Tuesday, November 14, 2006

Lisensa Leverages the Creative Commons Model to Simplify Copyright Management and Monetization

The Creative Commons system for establishing general licensing terms for online content has been the hobby horse of proponent Lawrence Lessig and other free content enthusiasts for several years, but it's a system that seems to get more lip service than use at times. The key gap is that while Creative Commons license "deeds" define when people may reserve full copyright for commercial uses the Creative Commons system itself does little to facilitate the conversion of those opportunities into revenues for a publisher.

The announcement of Lisensa may herald a closing of this gap. Lisensa is a new service that facilitates both the licensing of content for commercial use and the collection of use payments. A publisher can identify a Web site URL to be managed by Lisensa and then specify the terms of its commercial use. You can specify no commercial use, use without limitations or use with specific limitations - similar to the Creative Commons deed structure. In the "Yes but" option, though, the publisher can request attribution, a link-back to the original post, use of only a 500-character "fair use" snippet from the piece and whether payment is required for an annual subscription or per-post. Once this information has been specified, Lisensa generates HTML code that can be inserted into the online publication to generate a link back to Lisensa to manage the commercial licensing process. Lisensa takes ten percent of whatever commercial transaction transpires, if there is in fact money changing hands.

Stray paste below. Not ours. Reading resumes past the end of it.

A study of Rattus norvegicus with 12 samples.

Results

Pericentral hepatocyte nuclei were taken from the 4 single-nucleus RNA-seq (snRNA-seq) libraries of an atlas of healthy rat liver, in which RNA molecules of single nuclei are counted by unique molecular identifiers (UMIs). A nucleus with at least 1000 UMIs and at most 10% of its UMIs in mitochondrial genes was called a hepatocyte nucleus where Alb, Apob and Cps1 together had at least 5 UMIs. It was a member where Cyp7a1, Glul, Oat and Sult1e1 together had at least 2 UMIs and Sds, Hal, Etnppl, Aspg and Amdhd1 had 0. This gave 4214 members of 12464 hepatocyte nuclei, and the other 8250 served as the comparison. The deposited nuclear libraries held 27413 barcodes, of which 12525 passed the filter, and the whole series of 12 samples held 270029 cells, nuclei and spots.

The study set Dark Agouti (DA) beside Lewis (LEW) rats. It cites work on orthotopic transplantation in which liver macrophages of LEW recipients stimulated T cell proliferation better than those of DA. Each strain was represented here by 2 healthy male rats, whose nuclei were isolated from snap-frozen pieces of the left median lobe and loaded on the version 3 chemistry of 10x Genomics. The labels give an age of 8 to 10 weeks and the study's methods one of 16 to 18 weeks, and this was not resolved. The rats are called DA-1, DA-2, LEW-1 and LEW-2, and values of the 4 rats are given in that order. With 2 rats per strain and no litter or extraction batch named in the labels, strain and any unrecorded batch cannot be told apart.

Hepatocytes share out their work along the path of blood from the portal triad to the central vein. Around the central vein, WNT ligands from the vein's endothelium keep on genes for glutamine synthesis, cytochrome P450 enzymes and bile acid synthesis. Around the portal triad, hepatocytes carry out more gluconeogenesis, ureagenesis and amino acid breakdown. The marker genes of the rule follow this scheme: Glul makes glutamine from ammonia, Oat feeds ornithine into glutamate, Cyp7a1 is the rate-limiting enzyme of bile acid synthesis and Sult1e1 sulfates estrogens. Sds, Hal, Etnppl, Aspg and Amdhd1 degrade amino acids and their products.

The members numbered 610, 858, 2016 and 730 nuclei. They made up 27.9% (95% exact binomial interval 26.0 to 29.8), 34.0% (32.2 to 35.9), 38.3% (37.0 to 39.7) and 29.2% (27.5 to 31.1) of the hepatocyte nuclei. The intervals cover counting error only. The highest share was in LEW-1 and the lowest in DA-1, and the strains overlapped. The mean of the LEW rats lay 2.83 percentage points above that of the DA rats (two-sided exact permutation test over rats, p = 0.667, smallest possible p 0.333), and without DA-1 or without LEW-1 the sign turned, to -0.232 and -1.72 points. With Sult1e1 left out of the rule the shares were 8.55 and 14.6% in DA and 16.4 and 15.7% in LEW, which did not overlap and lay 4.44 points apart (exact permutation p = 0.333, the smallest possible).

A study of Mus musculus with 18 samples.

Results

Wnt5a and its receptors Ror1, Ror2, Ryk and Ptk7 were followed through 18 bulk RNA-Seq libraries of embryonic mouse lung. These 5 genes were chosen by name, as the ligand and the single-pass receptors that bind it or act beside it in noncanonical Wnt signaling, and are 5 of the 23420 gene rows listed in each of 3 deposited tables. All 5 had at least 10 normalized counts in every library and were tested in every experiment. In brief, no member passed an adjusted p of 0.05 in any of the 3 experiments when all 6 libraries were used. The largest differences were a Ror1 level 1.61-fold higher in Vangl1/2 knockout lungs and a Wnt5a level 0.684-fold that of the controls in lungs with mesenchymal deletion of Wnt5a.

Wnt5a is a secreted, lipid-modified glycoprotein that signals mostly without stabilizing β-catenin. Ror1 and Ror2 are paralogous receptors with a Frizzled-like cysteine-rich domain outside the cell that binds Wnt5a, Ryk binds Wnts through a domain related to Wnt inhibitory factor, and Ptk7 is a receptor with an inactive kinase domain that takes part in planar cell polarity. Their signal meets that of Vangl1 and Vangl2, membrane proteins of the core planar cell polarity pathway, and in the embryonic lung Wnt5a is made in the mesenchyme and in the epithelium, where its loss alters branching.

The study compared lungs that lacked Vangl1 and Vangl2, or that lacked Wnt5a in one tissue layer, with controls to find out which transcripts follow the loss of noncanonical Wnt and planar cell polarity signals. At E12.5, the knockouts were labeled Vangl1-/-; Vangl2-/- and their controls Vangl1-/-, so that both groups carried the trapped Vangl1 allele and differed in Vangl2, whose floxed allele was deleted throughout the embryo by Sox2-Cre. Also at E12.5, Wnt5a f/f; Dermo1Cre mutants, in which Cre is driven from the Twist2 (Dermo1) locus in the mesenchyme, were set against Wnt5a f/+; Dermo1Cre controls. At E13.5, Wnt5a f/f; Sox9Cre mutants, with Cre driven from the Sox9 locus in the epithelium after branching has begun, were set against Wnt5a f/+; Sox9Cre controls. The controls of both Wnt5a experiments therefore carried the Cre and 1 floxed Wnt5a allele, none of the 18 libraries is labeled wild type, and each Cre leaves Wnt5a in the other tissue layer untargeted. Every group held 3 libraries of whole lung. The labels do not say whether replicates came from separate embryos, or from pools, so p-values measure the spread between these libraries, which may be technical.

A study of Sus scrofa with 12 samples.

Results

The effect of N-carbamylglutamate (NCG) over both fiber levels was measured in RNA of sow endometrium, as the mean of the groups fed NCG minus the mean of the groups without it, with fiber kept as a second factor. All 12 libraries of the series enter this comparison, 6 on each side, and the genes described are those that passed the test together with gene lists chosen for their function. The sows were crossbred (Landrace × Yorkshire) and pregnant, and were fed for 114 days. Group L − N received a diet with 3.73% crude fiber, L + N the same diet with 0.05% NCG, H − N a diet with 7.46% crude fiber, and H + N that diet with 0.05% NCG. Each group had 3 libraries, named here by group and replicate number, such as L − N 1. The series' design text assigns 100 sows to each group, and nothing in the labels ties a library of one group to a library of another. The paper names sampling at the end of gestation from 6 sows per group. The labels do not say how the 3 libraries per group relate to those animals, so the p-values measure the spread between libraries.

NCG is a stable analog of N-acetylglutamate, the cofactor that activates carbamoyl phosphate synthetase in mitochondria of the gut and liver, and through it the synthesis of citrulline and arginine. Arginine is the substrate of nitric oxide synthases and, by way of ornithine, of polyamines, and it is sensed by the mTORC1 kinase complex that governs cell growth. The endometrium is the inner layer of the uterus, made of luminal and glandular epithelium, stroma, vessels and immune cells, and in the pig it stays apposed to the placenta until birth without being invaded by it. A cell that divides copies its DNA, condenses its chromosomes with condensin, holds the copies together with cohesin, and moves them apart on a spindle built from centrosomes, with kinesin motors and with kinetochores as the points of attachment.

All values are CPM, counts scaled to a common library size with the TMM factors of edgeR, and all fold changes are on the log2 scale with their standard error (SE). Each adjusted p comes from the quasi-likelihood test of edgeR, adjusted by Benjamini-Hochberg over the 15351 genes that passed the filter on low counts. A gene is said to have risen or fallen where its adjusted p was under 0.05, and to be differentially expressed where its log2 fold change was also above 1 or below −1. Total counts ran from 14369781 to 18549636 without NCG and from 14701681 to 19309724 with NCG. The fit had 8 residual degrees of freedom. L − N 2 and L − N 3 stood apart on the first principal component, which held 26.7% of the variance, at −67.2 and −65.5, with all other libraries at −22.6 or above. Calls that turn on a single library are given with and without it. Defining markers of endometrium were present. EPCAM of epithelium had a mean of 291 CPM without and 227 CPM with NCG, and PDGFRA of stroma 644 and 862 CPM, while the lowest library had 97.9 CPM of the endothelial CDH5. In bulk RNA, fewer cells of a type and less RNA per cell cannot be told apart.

With spam weblogs mushrooming and individuals becoming more aware of the commercial potential for their self-published content a system such as Lisensa may offer an appealing way for independent media producers to have a clear path to monetizing their content that doesn't require a fleet of media lawyers to "do the deal." Unlike services such as Copyright Clearance Center and iCopyright, the emphasis in Lisensa's approach is on facilitating primary content licensing via commercial publishing partners instead of content relicensing by individuals and institutions using content for purposes other than commercial publishing.

With a networked world of publishers and republishers the model of Lisensa offers some important lessons for how publishers can approach the user publishing community more effectively without finding themselves dealing with new permutations of the Legg Mason lawsuit. It also offers some lessons for content relicensing companies, which need to consider how to position their capabilities in a world that is creating new publishers every minute via weblogs and other social media services. Lisensa may not be the most sophisticated license manager in the world but as with weblogs themselves sometimes simplicity is a virtue that can gain you a lot of mileage in the marketplace.